When you're looking for a home, things can get overwhelming. Knowing which kind of property you want is step one, so we made this list to help you determine where you want to start your search.
These types of homes are the ones that are built separately on a single lot of land. Chances are this properties have attached or detached garages. They are usually owned by a single person. Single-family homes have a wide price range, depending on the location, construction type, square footage and the size of land.
A single-family home offers more privacy and exterior spaces like front and back lawns or gardens. A huge advantage of these residences is that they allow homeowners to personalize the design and decoration of their houses. Statistically, they are easier to sell, compared to condos or townhouses. However, single-family homes require more maintenance and attendance, which can mean that you will need a bigger budget to keep up with repairs, or appliance upgrades.
Condos are single units within a building or private community. They share walls with other units and usually, there is more than one per level. These residences can be habitable for small families, a couple or a single person. They are built in many sizes and designs. Generally, there is a homeowner association (HOAs) that collects monthly payments from residents.
The main characteristic of condos is that they require minimal responsibility from homeowners. they require you to pay a monthly payment that will encompass maintenance, security, and other shared costs. Condos usually include gyms, common areas, like lounges, pools, decks, terraces, eating and sitting areas, fireplaces, game rooms, etc. Another perk is that they are commonly close to restaurants, malls, supermarkets, urban locations, public transportation stations, and stops. If you are comfortable with the idea of not being allowed to remodel and/or personalize your home, then a condo is the right fit for you, due to HOAs often have some limitations regarding this matter. A downside would be the number of parking lot spaces are limited.
These residences are a hybrid between a condo and a single-family home, being larger than the former but smaller than the latter. Having multiple floors usually three to four levels, they include a basement and an attic. They share one to two walls with neighbors.
Privacy is better in a townhouse rather than in a condo, and they might have a joint maintenance committee where they agree to share some expenses. Parking spaces can be limited as well as green private areas. The inside of these residences can be spacious, although it cannot be compared to a single-family home. Therefore, they tend to be more affordable. Private amenities like pools and gyms might not be included in a townhouse community.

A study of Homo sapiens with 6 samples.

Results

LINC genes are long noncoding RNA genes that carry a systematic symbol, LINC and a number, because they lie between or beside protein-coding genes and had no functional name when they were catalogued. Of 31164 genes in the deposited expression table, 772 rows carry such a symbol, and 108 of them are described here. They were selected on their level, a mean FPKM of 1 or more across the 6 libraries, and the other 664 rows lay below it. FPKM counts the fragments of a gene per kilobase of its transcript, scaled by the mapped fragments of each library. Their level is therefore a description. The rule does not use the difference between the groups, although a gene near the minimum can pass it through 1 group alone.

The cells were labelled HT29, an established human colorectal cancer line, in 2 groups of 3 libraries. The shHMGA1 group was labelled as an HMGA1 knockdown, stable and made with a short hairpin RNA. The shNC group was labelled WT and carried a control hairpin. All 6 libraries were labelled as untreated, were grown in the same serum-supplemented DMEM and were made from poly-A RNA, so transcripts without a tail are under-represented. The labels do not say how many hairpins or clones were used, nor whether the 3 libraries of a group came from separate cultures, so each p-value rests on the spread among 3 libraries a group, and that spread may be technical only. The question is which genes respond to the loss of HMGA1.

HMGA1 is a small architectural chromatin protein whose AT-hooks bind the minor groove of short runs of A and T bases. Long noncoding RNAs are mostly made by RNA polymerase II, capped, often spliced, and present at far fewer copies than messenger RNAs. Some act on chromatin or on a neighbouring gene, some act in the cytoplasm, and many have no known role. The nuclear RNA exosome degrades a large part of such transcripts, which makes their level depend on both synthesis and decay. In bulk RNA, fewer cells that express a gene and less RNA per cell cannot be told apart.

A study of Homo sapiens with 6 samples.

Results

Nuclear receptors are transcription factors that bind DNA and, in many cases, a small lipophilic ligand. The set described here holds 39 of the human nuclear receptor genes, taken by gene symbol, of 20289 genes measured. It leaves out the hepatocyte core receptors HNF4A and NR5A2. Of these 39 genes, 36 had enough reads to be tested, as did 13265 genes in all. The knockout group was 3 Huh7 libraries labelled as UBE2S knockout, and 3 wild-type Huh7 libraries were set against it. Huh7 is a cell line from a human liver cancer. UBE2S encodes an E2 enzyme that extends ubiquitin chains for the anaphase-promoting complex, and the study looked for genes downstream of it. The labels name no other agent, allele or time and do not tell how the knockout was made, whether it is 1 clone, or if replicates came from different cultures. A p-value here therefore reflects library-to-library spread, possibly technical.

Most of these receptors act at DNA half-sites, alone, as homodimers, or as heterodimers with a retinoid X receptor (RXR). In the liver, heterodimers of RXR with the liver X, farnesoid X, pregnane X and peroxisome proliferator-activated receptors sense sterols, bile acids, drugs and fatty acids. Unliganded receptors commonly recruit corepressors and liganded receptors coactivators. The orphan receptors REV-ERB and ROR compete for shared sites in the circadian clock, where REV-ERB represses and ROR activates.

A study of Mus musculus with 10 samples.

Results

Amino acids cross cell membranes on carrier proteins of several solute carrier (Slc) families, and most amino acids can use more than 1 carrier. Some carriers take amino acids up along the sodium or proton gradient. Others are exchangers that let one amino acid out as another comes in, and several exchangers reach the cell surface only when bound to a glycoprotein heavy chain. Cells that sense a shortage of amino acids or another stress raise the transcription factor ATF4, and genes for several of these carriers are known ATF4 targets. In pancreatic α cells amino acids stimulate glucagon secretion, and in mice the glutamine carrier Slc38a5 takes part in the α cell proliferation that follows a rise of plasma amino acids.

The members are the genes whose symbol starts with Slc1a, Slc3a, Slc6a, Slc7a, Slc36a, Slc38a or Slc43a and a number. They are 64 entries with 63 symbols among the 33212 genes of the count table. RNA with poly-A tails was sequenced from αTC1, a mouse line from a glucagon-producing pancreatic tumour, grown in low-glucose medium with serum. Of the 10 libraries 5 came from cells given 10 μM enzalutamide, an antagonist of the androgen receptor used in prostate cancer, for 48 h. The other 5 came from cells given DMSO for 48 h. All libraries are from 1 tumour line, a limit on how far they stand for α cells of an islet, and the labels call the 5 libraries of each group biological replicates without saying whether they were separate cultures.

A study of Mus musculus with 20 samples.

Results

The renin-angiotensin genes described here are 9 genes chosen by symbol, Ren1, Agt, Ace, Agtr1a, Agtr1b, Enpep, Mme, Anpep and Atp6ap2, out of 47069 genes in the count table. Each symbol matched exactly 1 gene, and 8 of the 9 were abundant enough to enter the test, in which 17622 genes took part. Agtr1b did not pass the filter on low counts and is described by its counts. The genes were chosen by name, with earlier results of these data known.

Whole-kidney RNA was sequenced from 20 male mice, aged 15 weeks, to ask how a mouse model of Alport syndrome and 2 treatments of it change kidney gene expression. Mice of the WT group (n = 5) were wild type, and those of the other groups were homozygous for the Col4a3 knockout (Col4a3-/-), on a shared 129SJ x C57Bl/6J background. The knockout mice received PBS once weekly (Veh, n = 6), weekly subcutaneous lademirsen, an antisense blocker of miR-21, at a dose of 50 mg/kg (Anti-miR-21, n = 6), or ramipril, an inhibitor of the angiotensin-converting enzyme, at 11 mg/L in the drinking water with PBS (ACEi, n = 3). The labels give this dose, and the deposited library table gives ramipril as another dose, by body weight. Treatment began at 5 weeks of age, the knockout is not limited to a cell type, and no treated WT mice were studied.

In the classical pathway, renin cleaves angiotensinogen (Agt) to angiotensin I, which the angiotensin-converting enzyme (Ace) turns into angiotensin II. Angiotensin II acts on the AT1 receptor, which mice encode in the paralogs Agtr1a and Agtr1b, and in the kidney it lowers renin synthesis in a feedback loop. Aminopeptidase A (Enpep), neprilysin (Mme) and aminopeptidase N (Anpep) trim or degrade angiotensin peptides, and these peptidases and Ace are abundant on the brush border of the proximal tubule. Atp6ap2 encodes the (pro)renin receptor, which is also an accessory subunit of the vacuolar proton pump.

Cooperatives or co-ops can look alike to condos, but it is far from the truth. The unit is not owned by one person,; rather, the whole building is owned by every resident. Due to the large amount of responsibility that owners have to take on, there is usually an interview process to become a member of the community.
Cooperative owners usually handle maintenance as a community, meaning that their dues are much lower as it tends to be cheaper than a condo. Financing a co-op can be more difficult since it requires a bigger down payment, which most banks won't support it. Besides, sharing mortgages costs with neighbors means that if one of them stops paying the bank or lender, a foreclose on the whole building can be expected.
These residences are the least common of them all. Basically, they are a house that has been turned into two or even more units. They can be built or divide as a rowhouse-style or on multiple floors. There are plenty of size ranges and square footage. There are some residences that have a private entrance and others that share the main one. The biggest difference between them and other residence types is that the building is owned by one person.
These types of homes are ideal for investors; you can buy and rent the rest of the units. These hybrids (single-family and condos) have less privacy. On the other hand, costs, such as maintenance, are the landlord's responsibility, in case you are willing to rent. Being the landlord means you have to take care of the property and be responsible for maintenance and replacements when needed.
Buying a home takes time and effort. Whichever you choose, make sure it adjusts within your needs, tastes, and price range!